Remote sensing of the atmosphere using GNSS
Continuous observations from GNSS receivers provide an excellent tool for studying the earth atmosphere. Nowadays, GNSS is routinely used to
- Observe the Total Electron Content in the ionosphere and above (50-20000km)
- Observe Integrated Water Vapour in the troposphere
Both observations are a must in order to reduce errors in geodetic and geophysical applications; however, both observations are also valuable for atmospheric sciences. The GNSS signals are now routinely used in numerical weather forecasting, atmospheric research, and space weather applications.
Near real-time estimation of water vapour (GNSS Meteorology)
The last five years significant progress has been made in the use of GNSS data for numerical weather prediction and weather forecasting in collaboration with KNMI.
As the GNSS signals travel through the atmosphere they are delayed by roughly 2.5-10 meters, depending on the elevation of the satellite and atmospheric pressure, temperature and humidity. The hydrostatic delay can be predicted quite accurately knowing the surface pressure. Together with a known mapping function, which gives the relation between the vertical and slant delay, the zenith wet delay (ZWD) is computed. The zenith wet delay is related to the Integrated Water Vapour (IWV) or Precipital Water Vapour: the amount of water vapour in a column of the atmosphere, expressed in kg/m2 or mm precipital water vapour.
The Zenith Total Delay, Zenith Wet Delay, or Integrated Water Vapour, can be assimilated into numerical weather prediction models to improve weather forecasting Within the European COST action 716 “Exploitation of ground-based GPS for operational numerical weather prediction and climate applications” it was demonstrated that GNSS ZTD observations has a positive impact on the forecast of precipitation. The 2-3 month demonstration experiment for COST 716 actually developed in a three year long experiment, with at the end of the action in 2004 consisted of over 400 GPS stations delivering data in near real-time for weather forecasting.
More information can be found in the final report of COST-716, available through the COST-716 website http://www.oso.chalmers.se/~kge/cost716.html/.(http://www.oso.chalmers.se/~kge/cost716.html/COST716_FR_Oct27.pdf )
The very successful demonstration experimented continued to be run after the COST action 716, first within the framework of the EU TOUGH project, and later in the framework of the EUMETNET E-GVAP program. The network presently consists of more than 500 stations, including dense networks in the Netherlands, Denmark, UK, Scandinavia, and Germany, and the results are now assimilated operationally by two Meteorological institutes (UK and France), with others to follow suit. The status of the network is monitored by KNMI, who is also one of the GNSS analysis centers. For more information see the EUMETNET GPS Water Vapour Programme (E-GVAP) validation site at knmi http://www.knmi.nl/samenw/egvap/validation/ztd_iwv.html.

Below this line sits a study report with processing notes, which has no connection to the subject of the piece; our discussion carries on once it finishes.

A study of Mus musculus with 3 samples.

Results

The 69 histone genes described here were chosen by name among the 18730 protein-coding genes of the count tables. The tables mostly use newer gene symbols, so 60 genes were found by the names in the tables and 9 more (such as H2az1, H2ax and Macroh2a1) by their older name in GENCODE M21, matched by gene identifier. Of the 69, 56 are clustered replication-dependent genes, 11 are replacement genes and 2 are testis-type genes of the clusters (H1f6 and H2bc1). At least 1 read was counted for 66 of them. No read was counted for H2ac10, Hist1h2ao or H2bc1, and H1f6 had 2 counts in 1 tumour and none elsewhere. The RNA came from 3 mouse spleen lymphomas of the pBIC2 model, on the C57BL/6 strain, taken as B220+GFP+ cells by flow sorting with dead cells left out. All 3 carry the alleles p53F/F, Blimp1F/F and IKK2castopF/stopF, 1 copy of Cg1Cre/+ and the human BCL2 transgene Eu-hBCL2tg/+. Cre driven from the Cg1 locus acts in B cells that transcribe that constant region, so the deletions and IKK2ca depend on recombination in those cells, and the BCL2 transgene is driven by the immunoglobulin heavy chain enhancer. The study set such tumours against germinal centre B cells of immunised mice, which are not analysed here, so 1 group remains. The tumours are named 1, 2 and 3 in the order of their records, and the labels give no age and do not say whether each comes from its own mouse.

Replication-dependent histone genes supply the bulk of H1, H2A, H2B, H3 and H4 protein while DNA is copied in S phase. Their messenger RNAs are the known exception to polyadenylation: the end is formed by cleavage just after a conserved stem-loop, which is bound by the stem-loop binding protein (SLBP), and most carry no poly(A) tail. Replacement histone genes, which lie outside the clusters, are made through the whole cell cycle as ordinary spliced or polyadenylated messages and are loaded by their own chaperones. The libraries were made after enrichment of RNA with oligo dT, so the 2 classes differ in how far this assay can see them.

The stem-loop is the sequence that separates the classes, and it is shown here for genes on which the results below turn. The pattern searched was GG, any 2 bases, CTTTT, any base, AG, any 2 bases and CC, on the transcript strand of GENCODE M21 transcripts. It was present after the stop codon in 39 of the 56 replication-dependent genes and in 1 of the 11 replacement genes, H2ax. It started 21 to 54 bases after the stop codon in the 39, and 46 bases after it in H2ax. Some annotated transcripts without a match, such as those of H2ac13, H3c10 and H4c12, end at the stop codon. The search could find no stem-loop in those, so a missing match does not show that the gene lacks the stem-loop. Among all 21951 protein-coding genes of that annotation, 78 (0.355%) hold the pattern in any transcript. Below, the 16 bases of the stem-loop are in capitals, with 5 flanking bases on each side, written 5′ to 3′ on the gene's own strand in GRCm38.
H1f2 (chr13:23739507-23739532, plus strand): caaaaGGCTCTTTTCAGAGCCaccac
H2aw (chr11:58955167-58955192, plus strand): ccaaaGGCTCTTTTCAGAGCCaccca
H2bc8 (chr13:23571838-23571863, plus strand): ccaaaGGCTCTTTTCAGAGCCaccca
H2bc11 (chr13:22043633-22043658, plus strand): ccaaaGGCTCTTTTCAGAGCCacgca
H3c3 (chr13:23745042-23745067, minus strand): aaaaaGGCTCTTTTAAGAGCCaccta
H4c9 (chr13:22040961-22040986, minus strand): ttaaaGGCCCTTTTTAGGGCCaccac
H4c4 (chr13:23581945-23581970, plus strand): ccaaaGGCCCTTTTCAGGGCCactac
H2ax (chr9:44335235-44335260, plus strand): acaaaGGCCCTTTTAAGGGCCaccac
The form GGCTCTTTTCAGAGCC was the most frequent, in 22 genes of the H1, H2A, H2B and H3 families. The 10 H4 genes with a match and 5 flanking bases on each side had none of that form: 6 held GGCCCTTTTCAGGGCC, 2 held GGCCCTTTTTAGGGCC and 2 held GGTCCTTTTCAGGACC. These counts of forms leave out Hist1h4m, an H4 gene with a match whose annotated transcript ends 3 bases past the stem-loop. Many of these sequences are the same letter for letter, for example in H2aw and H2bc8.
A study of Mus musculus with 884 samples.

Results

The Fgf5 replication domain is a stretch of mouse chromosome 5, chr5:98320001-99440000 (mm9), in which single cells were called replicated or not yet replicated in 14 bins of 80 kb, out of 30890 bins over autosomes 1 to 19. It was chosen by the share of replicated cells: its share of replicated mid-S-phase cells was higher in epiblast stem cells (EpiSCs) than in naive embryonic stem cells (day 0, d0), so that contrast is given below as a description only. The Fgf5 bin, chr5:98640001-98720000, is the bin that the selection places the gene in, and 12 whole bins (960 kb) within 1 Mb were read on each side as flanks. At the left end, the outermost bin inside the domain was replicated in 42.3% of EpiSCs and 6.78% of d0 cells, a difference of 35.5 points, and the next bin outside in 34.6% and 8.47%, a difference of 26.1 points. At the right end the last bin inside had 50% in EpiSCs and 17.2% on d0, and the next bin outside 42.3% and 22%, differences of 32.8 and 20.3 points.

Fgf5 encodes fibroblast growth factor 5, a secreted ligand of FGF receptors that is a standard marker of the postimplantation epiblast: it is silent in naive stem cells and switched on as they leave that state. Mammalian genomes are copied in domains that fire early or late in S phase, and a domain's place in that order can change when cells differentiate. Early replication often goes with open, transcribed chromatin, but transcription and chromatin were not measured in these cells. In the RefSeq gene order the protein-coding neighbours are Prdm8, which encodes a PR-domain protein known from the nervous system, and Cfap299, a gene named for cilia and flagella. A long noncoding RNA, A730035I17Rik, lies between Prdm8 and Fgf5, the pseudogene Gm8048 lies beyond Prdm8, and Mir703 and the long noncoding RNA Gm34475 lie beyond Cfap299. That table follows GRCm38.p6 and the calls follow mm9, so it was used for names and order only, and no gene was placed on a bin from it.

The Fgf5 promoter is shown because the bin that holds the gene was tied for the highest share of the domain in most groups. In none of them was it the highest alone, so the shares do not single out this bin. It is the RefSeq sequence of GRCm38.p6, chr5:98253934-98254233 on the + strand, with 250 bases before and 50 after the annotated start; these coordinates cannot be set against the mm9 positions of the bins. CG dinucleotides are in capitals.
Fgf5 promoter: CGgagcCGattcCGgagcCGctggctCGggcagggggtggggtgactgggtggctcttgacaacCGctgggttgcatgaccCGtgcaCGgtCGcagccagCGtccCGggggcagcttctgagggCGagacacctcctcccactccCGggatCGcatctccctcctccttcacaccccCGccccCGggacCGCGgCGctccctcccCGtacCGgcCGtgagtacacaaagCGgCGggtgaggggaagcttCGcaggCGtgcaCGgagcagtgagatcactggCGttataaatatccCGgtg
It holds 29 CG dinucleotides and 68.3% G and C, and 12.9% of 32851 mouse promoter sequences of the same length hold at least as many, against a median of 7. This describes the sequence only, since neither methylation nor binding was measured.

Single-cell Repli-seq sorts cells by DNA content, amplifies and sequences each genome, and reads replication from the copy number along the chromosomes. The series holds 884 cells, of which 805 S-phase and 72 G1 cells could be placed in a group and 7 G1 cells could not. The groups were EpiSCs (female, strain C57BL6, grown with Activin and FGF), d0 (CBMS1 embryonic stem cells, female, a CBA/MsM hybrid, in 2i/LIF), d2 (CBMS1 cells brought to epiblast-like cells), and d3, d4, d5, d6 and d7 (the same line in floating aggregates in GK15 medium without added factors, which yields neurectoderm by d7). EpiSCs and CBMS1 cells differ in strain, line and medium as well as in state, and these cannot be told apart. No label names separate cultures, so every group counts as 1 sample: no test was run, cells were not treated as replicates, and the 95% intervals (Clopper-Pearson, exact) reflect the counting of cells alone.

Within the European 5th framework project “Targeting Optimal Use of GPS Humidty Measurements in Meteorology” (TOUGH) http://web.dmi.dk/pub/tough/ and a SRON GO-2 project “Resolving spatial and temporal atmospheric water vapour structures using a ground based GPS receiver network” a novel method for the estimation of slant water vapour in the line-of-sight direction was developed, as opposed to estimating water vapour in the zenith direction only. The estimates of slant water vapour were successfully assimilated by KNMI and the Finish Meteorological Institute, showing a positive impact. During these projects we also developed a method to study site-dependent carrier phase multipath and antenna characterization. The application of this technique goes beyond GPS meteorology as it is also very useful in improving the stability of position time-series. The example below shows effects of carrier phase multipath at one of the GNSS stations
Two dimensional maps of real-time integrated water vapour can be found at the KNMI web site http://www.knmi.nl/research/groundbased_observations/gps/real_time_IWV.html
Cabauw Experimental Site for Atmospheric Research (CESAR)
In collaboration with meteorologists, integrated water vapour estimations from GNSS are used for meteorological system studies, in the framework of the Cabauw Experimental Site for Atmospheric Research (CESAR)http://www.cesar-observatory.nl/ . DEOS is operating three GNSS stations at Cabauw. The GNSS receivers are collocated with other in-situ sensors (radiometers, lidars, radar, radiosondes) for cross-calibration purposes and to improve understanding of GNSS signal propagation. One of the receivers is located on the 213m high Cabauw tower, giving unique opportunities to sense vertical differences in water vapour. This activity is also partly funded by the BSIK programme “Klimaat voor Ruimte”.
Ionosphere delay modeling for Network D-GPS
The development of accurate ionosphere delay models is important for single frequency GPS users and Network D-GPS users.
Our research has focused on a number of topics:
· Use of IGS global ionosphere maps for single-frequency precise point positioning
· Evaluation of the NeQuick model (Galileo) for single-frequency users, including the development of methods for the estimation of NeQuick model parameters from IGS Global Ionosphere Maps.
Development of dynamical models for ionosphere delay interpolation for Network-DGPS. Recent research has shown that the data driven models can be improved by incorporating dynamical models based on ionospheric physics.